The Deliberate Decision - When To Go Manual With A New Lens
Well the manufacturers of digital camera bodies all give you lenses from their stables that are perfectly suited...each to its own mount. They have generally worked long and hard to have a wide variety of optics in all sizes and focal lengths - and they will generally have a range of prices for them as well. You pays more, you gets more, but since the lenses are good to start with, the extra costs can sometimes be a diminishing return.
Enter the independent lens makers - companies who may have a license to use the mount of a certain camera but are not restricted as to what the other specifications need to be. They can search for the niche market that wants a particular focal length or maximum aperture. They sometimes elect to leave out auto-focus and auto meter connections to make the lens universal - they figure that if you are advanced enough to want a specifically special lens, you are capable of focusing and stopping down yourself.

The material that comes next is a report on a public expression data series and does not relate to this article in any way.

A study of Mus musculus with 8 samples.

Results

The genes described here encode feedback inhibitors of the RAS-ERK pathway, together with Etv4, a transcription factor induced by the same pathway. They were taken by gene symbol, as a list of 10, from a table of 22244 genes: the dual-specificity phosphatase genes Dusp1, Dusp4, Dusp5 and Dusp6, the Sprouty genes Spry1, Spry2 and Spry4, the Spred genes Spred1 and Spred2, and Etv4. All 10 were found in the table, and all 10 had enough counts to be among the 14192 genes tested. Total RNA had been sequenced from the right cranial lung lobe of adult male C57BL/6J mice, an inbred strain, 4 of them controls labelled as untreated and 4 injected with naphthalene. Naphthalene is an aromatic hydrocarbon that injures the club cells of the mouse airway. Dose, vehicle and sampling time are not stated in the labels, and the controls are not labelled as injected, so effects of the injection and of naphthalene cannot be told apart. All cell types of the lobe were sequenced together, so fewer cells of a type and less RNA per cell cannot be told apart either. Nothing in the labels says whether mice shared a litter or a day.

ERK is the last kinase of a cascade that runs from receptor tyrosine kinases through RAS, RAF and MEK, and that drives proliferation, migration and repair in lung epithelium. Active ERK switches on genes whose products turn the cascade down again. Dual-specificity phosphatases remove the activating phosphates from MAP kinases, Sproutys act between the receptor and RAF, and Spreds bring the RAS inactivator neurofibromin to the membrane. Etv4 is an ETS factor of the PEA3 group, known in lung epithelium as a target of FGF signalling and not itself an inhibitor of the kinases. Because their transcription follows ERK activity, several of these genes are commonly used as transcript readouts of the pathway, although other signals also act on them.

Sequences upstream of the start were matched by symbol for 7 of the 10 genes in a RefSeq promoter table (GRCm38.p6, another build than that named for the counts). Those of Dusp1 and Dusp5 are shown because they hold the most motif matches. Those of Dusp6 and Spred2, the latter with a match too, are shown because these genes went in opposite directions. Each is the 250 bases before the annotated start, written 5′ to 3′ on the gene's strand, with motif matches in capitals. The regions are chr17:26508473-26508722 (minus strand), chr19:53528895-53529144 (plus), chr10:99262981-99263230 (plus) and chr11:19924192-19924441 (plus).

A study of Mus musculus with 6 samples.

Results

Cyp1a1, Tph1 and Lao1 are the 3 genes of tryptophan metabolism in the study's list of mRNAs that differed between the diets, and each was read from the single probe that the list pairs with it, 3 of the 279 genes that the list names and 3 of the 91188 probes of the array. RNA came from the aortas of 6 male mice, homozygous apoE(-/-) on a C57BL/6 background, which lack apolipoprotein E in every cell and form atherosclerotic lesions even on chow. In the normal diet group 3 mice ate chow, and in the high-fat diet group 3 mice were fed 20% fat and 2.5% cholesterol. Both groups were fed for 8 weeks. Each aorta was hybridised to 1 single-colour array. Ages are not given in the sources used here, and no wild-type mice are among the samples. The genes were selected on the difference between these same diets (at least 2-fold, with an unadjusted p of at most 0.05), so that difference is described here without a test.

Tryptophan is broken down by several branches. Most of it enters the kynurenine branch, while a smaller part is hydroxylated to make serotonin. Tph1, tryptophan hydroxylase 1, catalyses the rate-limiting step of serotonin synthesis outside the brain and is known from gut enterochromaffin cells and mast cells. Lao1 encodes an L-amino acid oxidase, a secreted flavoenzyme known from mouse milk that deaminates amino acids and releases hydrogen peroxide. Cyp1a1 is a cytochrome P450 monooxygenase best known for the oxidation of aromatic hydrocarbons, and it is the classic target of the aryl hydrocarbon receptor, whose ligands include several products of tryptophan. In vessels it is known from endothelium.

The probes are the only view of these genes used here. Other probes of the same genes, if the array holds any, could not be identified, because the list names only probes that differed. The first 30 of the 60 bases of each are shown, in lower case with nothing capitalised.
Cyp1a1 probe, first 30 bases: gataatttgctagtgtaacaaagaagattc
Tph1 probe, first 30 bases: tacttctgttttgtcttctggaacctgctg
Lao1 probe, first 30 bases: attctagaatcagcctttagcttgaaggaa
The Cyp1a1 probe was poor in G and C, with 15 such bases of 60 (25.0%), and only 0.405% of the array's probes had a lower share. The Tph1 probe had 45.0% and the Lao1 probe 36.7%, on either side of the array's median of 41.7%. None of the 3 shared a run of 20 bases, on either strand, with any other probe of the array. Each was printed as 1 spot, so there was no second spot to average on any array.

The stop-down question is not even addressed in many cases - you get a good old click-stop aperture ring and are in command of it every time you shoot. If you are a maximum-aperture freak you just cello-tape the aperture ring open and let it go at that...put the camera on aperture priority and let it sort out he exposure. In most cases it will guess better than you can anyway.
Note that there is a good bayonet fitting for a lens hood but none is packed in the box - presumably it is an extra.